In an extraordinary scene that included dozens of lawmakers turning their backs on the proposal’s sponsor, the Florida House on Tuesday rejected a resolution that would have called for an “immediate de-escalation and cease-fire” in the war between Israel and Hamas.
Republicans and Democrats assailed the proposal, sponsored by Rep. Angie Nixon, D-Jacksonville, in an emotional debate that included allegations of anti-Semitism.
“If you vote for this, you’re an anti-Semite,” Rep. Randy Fine, a Brevard County Republican who is Jewish, said.
But Nixon refused to back down, saying that caring “about thousands of innocent lives lost makes nobody anti-Semitic.” She said the resolution is about Israeli and Palestinian “babies.”
“Continued attacks will only lead to more suffering and more death,” Nixon said. “We must take immediate steps to help those in danger right now. That means restoring resources and providing humanitarian aid, but we must prevent more casualties so that they’re actually around to get and benefit from that aid.”
The House voted 104-2 to reject the resolution (HR 31C), with only Nixon and Rep. Anna Eskamani, D-Orlando, supporting it.
The vote came on the second day of a special legislative session. Before the debate about the Nixon proposal, the Republican-dominated House passed two other resolutions supporting Israel; a bill to tighten state sanctions against Iran, a key backer of Hamas; and a bill that would provide money to boost security at Jewish day schools and preschools.
The scene was extraordinary not because Nixon’s resolution was rejected — Democratic proposals regularly are rejected in the House.
But the debate was unusually raw and personal, as Republicans and Democrats voiced support for Israel in the war that started when Hamas, a Palestinian militant group that has controlled Gaza, attacked Israel on Oct. 7. Israel has retaliated, in part, by launching air strikes on Gaza.
The rawness was exemplified by numerous House members turning their backs to Nixon and facing the front of the House chamber as she spoke near the end of the debate.
The proposed resolution cited deaths of Palestinians and Israelis and said, in part, that “millions of lives are at imminent risk if a cease-fire is not achieved and humanitarian aid is not delivered without delay.”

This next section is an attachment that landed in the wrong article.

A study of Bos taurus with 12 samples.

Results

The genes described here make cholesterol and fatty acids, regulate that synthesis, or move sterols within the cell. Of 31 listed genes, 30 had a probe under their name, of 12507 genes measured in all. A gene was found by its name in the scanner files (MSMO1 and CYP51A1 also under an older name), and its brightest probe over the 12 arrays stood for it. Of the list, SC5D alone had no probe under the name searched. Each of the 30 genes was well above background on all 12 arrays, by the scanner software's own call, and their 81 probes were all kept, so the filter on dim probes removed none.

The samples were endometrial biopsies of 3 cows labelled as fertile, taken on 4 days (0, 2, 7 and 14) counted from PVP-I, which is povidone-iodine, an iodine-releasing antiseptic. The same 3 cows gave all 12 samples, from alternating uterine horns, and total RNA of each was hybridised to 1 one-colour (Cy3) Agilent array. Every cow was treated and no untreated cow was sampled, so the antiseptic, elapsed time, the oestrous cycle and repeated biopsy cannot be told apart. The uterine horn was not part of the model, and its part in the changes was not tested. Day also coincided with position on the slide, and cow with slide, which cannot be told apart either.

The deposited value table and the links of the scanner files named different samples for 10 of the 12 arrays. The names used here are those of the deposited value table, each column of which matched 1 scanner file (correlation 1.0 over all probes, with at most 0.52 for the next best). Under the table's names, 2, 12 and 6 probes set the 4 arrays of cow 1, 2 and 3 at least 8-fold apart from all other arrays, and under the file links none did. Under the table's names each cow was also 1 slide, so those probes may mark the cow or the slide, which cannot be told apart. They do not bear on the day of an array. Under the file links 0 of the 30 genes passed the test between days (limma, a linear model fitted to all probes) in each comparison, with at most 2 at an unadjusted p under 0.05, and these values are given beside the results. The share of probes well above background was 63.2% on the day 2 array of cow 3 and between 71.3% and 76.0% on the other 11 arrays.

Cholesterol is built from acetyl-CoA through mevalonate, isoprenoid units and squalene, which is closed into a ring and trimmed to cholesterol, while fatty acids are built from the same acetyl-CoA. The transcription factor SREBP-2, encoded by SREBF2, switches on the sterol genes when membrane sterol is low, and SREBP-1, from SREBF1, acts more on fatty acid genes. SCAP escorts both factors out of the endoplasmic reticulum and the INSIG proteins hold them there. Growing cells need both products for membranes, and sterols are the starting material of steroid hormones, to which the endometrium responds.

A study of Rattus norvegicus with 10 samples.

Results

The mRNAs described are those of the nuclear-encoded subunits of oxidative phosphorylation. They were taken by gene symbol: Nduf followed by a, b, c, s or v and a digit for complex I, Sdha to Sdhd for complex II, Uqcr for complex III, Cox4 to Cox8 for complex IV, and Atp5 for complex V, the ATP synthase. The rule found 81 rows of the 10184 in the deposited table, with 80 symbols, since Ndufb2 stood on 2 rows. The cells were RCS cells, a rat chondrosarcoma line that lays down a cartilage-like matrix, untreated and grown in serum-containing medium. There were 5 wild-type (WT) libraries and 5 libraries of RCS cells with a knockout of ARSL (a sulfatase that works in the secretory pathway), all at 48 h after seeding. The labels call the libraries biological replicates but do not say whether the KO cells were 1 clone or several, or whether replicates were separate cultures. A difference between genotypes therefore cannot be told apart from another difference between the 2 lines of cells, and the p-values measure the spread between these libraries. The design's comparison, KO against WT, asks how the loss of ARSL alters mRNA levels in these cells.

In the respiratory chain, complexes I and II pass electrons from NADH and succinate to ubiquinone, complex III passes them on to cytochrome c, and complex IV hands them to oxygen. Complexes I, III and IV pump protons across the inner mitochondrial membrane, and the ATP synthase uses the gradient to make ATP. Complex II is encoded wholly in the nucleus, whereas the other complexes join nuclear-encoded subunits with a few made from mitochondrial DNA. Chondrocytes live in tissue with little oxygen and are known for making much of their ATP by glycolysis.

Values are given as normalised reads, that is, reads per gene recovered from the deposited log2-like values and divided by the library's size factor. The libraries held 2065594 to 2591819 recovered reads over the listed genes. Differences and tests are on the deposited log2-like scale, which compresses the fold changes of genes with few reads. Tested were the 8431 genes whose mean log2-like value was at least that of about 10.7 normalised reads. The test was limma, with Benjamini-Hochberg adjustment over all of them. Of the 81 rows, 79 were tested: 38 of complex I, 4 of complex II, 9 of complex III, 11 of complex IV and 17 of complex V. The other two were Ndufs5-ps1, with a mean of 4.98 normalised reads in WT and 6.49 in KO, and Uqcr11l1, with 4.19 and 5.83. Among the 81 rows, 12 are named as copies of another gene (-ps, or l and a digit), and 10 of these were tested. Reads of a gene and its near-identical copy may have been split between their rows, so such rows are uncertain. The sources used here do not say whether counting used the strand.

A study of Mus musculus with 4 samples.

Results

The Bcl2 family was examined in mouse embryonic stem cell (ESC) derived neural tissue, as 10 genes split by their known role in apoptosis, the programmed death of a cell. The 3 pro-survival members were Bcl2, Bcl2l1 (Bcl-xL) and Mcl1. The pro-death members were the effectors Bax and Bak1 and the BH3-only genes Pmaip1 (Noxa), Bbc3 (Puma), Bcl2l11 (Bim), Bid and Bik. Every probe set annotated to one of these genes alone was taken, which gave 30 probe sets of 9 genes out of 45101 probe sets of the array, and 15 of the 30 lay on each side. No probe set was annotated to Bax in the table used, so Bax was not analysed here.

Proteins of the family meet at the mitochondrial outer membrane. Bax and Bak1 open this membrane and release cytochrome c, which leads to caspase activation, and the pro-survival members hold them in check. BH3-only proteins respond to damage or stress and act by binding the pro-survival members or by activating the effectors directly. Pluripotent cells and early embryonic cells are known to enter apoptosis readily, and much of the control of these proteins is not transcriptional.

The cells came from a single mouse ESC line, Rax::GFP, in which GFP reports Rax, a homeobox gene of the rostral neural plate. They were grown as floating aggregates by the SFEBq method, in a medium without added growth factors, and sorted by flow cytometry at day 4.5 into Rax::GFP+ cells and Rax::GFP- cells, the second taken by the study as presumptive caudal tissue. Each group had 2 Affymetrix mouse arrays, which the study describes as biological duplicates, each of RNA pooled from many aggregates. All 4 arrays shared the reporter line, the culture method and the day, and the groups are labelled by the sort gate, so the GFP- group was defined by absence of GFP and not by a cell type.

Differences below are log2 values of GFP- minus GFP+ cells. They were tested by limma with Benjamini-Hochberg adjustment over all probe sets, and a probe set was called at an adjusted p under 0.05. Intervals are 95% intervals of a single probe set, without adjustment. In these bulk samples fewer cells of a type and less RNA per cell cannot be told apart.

It sought to urge the Biden administration “to immediately call for and facilitate de-escalation and a cease-fire to promptly end the current violence in the State of Israel and occupied Palestine, and to promptly send and facilitate the entry of humanitarian assistance into Gaza.”
But Rep. Hillary Cassel, a Dania Beach Democrat who said she converted to Judaism, said Hamas wants to “annihilate” Jews. She and other opponents of the resolution said a cease fire existed on Oct. 6, the day before the attack, and that Hamas was to blame for the war.
“We are not dealing with rational people,” Cassel said. “We are not dealing with equality and equal sides of this issue. We are dealing with an absolute attempt to massacre an entire group of people, and we are fighting back.”
Rep. Ralph Massullo, R-Lecanto, said there “will be no peace until that evil is destroyed.”
But Nixon asked “what type of moral compass are we following if we are OK with entire bloodlines being eradicated on both sides? All I keep thinking about is the babies. I have a 3-year-old, the innocent babies.”
“We are at 10,000 dead Palestinians,” Nixon said. “How many will be enough? … One of my colleagues just said, ‘All of them.’ Wow. One of my colleagues said, ‘All of them.’”
Nixon clearly angered some other Democrats by filing the proposal.
“There was an opportunity to not have to deal with this today, and the responsibility for having to deal with this today falls on the shoulders of one person, the person who filed this bill,” said Rep. Mike Gottlieb, a Davie Democrat who described himself as “99.9 percent Ashkenazi Jew.”
After the vote, House Minority Leader Fentrice Driskell, D-Tampa, acknowledged that she had asked Nixon to withdraw the proposal.
“Again, like I said, I had my thoughts on how things should go today,” Driskell said. “She is her own member. She made the decision to bring that resolution, and ultimately that was her decision.”
But Nixon said after the vote that she could “stand firm in my convictions.”
“I care about all lives,” Nixon said. “I’m heartbroken, especially for the Muslim community and the Palestinian community. They have been demonized, and it’s not right.”
— News Service Assignment Manager Tom Urban and staff writer Ryan Dailey contributed to this report.